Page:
It’s a simple concept, do the same exercise but slower. A hugely underrated technique, it allows you to add another way of making the pull-up harder.
Requiring a more strength to do the pull since the amount of power you can use is reduced because the speed is much slower.
There are two things happening when you make things slower. The first is fairly obvious to understand. You’re taking longer to pull, so more energy is needed to do the work. This makes it harder and harder over time.
For the second, you need to know a very rough, basic, but simple formula…
Power = Strength + Speed.
You can be more powerful by getting stronger, becoming faster, or a combination of the two…
Therefore, if you have to go at a slower speed (because you have to take longer to do the pull), the amount of strength required to have the same amount of power will have to be more to compensate…
Again, this makes things harder for you.
Focus on the technique
We can now put our technique under the microscope. By slowing everything down you’ll be able to see exactly what parts you are struggling with and what to train more on.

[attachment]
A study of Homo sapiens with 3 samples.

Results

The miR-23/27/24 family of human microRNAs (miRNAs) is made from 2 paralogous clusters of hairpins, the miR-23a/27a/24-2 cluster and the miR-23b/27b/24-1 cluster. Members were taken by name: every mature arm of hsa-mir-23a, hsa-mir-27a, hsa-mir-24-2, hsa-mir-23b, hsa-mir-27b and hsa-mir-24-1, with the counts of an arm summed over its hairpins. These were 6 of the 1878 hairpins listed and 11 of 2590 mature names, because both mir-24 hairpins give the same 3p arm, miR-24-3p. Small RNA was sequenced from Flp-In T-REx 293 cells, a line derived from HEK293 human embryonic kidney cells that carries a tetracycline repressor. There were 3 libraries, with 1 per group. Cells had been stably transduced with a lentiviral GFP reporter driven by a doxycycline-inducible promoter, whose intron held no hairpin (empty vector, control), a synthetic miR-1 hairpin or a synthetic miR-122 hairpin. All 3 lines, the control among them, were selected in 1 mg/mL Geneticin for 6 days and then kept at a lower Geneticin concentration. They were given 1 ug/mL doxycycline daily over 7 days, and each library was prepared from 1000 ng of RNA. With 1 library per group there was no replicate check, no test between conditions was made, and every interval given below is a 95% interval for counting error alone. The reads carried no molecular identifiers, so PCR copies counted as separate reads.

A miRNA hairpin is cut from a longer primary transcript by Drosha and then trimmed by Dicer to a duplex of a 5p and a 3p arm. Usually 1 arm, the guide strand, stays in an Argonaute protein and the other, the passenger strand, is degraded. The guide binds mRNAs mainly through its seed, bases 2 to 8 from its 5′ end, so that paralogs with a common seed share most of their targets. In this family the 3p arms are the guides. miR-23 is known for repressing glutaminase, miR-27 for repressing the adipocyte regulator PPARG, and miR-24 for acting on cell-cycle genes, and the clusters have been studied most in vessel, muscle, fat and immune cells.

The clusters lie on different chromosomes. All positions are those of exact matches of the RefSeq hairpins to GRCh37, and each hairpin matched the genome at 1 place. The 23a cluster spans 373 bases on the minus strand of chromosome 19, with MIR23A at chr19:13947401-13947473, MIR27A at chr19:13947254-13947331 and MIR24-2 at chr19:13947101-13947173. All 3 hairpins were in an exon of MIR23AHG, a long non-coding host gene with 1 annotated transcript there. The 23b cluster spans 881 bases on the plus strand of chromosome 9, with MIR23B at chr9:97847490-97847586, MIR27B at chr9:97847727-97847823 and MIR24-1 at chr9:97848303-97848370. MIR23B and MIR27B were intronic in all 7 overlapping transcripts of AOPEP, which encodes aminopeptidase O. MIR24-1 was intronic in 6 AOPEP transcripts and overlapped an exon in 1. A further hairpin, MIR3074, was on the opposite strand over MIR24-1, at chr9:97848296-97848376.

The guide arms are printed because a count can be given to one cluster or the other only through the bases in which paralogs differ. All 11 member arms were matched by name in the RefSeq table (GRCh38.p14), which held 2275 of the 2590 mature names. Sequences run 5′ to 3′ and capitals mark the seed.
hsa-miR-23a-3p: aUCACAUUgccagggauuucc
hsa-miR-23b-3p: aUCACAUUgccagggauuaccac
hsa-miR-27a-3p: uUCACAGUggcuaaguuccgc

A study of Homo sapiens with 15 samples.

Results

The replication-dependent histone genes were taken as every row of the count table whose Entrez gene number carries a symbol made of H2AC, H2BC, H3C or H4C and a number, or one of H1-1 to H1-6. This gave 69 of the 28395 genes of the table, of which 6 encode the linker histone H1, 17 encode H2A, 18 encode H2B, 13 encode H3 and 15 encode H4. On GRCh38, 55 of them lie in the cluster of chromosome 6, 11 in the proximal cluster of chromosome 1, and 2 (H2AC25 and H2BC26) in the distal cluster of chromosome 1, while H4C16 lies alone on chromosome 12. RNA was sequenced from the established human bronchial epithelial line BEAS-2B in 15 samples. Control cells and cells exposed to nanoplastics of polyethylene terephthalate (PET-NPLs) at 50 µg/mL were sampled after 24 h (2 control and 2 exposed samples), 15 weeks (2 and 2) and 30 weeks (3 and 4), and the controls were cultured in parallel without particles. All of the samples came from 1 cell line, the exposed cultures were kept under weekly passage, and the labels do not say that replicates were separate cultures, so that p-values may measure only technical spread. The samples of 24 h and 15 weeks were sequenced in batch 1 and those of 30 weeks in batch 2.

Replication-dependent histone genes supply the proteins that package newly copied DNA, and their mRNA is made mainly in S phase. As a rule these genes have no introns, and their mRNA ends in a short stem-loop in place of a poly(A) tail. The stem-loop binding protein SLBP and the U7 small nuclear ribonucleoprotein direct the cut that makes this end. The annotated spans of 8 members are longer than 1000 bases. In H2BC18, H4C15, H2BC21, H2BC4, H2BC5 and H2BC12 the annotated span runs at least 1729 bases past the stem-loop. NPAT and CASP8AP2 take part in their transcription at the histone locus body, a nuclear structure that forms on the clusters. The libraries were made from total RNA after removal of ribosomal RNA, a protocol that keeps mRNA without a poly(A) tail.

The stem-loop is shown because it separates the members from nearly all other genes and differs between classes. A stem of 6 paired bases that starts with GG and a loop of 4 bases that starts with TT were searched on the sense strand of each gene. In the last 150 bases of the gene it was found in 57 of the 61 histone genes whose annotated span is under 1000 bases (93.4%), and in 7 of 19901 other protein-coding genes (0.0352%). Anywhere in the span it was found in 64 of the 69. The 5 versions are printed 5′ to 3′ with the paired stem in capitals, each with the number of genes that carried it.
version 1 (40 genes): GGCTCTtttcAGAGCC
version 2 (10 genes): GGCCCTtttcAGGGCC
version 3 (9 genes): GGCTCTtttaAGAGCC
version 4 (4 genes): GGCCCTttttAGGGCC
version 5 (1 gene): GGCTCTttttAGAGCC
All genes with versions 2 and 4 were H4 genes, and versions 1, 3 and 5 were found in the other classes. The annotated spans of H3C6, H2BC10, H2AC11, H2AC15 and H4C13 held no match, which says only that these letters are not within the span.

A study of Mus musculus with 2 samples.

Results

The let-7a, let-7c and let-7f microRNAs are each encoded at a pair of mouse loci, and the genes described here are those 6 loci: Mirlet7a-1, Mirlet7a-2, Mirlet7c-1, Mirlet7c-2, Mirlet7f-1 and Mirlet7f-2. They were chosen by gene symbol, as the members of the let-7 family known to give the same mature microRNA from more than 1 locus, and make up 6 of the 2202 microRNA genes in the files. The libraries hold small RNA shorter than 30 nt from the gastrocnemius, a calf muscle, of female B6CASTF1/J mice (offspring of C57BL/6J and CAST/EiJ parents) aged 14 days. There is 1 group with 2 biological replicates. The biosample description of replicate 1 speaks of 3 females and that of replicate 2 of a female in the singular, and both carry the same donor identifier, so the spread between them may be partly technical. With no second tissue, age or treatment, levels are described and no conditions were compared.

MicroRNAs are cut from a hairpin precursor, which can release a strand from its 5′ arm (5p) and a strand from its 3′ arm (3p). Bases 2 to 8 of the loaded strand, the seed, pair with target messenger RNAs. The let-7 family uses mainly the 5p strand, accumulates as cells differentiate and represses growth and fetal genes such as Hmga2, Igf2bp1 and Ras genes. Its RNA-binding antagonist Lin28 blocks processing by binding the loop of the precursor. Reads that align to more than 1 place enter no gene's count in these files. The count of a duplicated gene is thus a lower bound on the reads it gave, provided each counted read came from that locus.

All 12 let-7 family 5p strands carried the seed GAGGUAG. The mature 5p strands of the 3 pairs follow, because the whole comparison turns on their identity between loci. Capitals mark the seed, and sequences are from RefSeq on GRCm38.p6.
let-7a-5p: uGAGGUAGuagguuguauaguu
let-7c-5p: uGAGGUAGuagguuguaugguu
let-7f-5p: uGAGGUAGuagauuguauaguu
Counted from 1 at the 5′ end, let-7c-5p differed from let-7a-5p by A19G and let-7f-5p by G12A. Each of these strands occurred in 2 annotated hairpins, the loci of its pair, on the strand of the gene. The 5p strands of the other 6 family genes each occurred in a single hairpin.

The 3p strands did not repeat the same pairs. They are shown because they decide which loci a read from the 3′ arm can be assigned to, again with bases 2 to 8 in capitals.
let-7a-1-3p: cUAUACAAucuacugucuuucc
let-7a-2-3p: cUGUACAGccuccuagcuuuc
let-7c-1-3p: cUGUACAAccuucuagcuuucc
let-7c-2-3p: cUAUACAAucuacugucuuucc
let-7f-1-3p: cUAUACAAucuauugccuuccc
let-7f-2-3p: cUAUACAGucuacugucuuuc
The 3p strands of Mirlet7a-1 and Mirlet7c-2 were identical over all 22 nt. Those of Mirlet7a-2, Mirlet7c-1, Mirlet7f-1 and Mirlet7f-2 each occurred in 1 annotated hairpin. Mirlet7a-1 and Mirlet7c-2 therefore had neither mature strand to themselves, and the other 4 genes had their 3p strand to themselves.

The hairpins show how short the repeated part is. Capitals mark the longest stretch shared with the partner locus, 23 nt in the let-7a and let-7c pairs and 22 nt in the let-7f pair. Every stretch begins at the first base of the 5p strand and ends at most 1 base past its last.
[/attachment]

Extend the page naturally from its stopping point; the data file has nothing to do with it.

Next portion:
I highly recommend filming yourself too. Going slow and filming will allow you to analyse exactly how you are performing.
Your brain sends signals to your muscles. Those messages to ‘PULLLLLLL’ will get weaker over time as you get tired.
The pathways that those signals get sent down are called the neuro-muscular pathways and they can get fatigued as well. The more it’s continuously used, the weaker the signal will become.
Sending that signal continuously will require a lot more control over your body and mind because of this. You must be sending the right signal to the right muscles over a prolonged period… Which is harder. But the practice gives more reinforcement of the message.